Frank Water Mist is the name of the fire extinguisher recently engineered by Frank Ryde, member of the International Water Mist Association, founder and CEO of Alpha Fire Services Pvt Ltd., Sri Lanka, founder/shareholding Director and retired CEO of Alpha Fire Services of Bahrain and Qatar.
He is attempting to commercialise the power of low-pressure water mist technology through the use of clever design and high quality, third party-accredited components.
The extinguishing capabilities of water mist are well known and, to summarise, water mist addresses all four elements required for fire to occur. A fire is a chemical reaction that involves rapid oxidation or burning of a fuel and, in order for a fire to occur, fuel, heat and oxygen need to be present for the chemical chain reaction needs to occur. While the removal of any one of these essential elements will result in the fire being extinguished, water mist’s efficacy lies in its ability to address all these elements simultaneously.
As water flashes into steam at the flame front it extracts a large amount of heat from the fire. At the same time, the volumetric expansion of steam at the flame front displaces oxygen that feeds it. Water mist droplets stop heat radiating and limit the spread of the fire while stripping smoke particles from the plume.
These unique properties are the result of the conversion of water into fine water droplets with a diameter below 1,000 microns, which increases the surface area available for heat absorption and evaporation. These droplets are therefore more effective than sprinkler water droplets in absorption, smoke scrubbing and heat blocking. And, given that the droplets are lighter, they remain airborne for longer and are therefore effective over a longer period of time.
One of the greatest advantages of water mist extinguishers lies in their versatility. They can be used on class A, B, F fires and, because water mist droplets are so small that they prevent electricity from travelling through them, class E fires (tested up to 35,000 volts).
‘In the USA, in recognition of its efficacy and superior benefits over CO2-based fire extinguishers, NASA commissioned ADA Technologies to develop high-pressure water mist fire extinguishers to be used on its spacecraft operating in outer space,’ comments Ryde, adding that high pressure water mist fire extinguishers are generally very expensive because thick, heavy, high pressure cylinder systems are required to atomise water to mist. Consequently, he invented water mist extinguisher that is pressurised at only 10 bar, which means that the cylinder is comparatively thin and less costly. The cylinder has already been tested and approved by Apragaz Belgium, TUV Germany and MPA Dresden Germany. The remaining components comprise a rotor, tubes and nozzle that together can produce over 22 billion droplets from a litre of water. Ryde explains how it works: ‘The cylinder or the tank housing maintains the contents of the extinguisher at pressure actuation. When the valve is released by manual action, the water and compressed gas travels towards the rotor via a black tube, controlled by a nozzle assembly. The rotor then starts to rotate, mixing the water and gas which travels via a white tube to the nozzle. Due to the collision of water streams, the water leaves the nozzle at high kinetic energy generating an ultra-fine mist made of water droplets as small as 25 microns in diameter.’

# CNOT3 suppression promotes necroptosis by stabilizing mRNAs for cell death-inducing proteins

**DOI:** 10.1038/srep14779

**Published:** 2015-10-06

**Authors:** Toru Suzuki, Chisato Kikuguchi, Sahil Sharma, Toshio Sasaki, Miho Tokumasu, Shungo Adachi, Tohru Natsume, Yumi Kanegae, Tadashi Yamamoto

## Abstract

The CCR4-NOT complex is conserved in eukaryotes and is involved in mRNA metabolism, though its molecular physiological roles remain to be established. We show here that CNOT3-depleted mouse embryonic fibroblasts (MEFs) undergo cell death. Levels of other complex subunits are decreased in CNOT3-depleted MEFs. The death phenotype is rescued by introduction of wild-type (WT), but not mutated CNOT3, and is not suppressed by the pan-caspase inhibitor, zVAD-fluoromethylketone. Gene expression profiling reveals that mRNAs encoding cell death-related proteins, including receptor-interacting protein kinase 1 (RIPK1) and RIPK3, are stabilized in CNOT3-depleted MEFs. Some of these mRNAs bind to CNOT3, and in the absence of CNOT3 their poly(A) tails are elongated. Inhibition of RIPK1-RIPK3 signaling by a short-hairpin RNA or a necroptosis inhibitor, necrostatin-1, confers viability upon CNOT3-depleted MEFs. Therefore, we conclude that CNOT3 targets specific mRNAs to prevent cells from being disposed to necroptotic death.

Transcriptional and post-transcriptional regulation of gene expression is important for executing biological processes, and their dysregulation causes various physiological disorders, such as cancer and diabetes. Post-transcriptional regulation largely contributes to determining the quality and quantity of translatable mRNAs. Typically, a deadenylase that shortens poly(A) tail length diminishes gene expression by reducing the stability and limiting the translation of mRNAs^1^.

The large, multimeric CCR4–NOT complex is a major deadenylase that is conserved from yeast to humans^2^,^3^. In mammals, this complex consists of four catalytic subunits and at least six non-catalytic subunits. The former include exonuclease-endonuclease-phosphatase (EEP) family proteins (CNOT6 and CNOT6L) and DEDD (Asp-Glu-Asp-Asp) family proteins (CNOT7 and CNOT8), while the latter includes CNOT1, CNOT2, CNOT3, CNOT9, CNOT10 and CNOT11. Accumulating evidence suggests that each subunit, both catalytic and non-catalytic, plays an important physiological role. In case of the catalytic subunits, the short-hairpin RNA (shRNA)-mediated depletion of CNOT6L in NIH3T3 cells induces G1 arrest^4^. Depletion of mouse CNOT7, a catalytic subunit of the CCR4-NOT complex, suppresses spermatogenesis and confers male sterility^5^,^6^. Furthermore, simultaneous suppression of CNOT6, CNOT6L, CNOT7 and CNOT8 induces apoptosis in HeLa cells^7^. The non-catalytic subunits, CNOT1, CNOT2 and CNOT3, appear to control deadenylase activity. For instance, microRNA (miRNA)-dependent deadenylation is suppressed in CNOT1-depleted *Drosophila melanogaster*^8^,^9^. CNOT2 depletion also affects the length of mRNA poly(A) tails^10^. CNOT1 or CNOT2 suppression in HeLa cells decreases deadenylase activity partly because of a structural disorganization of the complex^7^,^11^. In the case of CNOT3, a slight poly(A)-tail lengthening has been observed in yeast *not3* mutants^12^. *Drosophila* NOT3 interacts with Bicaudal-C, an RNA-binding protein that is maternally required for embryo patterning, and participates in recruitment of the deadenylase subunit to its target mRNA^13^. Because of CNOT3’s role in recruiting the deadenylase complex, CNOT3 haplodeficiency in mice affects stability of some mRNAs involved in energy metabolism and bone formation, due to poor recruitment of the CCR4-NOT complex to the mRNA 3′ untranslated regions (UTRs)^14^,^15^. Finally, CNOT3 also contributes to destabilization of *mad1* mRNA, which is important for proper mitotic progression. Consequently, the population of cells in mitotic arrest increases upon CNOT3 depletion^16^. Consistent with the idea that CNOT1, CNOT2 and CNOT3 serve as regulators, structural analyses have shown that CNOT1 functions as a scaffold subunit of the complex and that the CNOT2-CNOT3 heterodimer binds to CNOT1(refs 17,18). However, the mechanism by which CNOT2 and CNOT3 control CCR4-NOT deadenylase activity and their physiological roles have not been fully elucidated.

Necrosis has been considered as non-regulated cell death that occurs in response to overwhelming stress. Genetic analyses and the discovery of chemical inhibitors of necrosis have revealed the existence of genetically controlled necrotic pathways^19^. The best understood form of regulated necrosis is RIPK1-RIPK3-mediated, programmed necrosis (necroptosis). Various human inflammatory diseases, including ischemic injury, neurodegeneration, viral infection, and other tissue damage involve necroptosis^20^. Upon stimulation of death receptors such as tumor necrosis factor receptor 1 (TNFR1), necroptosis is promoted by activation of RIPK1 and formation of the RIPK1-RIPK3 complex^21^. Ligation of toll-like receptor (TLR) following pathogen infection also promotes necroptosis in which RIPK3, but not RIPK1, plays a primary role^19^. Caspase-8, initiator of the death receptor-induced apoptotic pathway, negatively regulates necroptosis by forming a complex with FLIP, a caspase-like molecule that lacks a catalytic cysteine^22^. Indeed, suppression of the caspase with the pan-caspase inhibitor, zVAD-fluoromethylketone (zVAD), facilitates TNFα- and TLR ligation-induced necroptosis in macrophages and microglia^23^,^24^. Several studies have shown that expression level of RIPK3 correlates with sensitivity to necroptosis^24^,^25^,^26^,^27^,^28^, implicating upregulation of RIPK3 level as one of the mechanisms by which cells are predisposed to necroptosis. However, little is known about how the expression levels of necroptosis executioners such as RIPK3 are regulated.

Ryde is convinced that the benefits of low-pressure water mist extinguishers are glaringly obvious: ‘Everywhere in the world you have to use one water and one CO2 extinguisher, or one CO2 and one powder or foam. So you pay for two extinguishers at the beginning, and then throughout its life you pay for the refilling of two extinguishers. And throughout their lives you are using a lot of chemicals – even if they are unused they still have to be topped up. Tonnes of CO2, foam and powder are being dumped continuously in the process of testing, servicing and filling. All that could be done and dusted where one cylinder does all the job.’
The system has received approvals in Sri Lanka for liquid, gas, electrical and cooking fires. ‘What we are looking for then is investment to gain LPCB, Australian, UL and Canadian approvals. I want to take it to the world,’ says Ryde who, although officially retired, is nevertheless currently building an eco-hotel in Sri Lanka.
A keen beekeeper and a man with an obvious affection for the fire protection industry, he regards water mist as a natural next step for him and an environmentally friendly, cost-effective alternative for the market.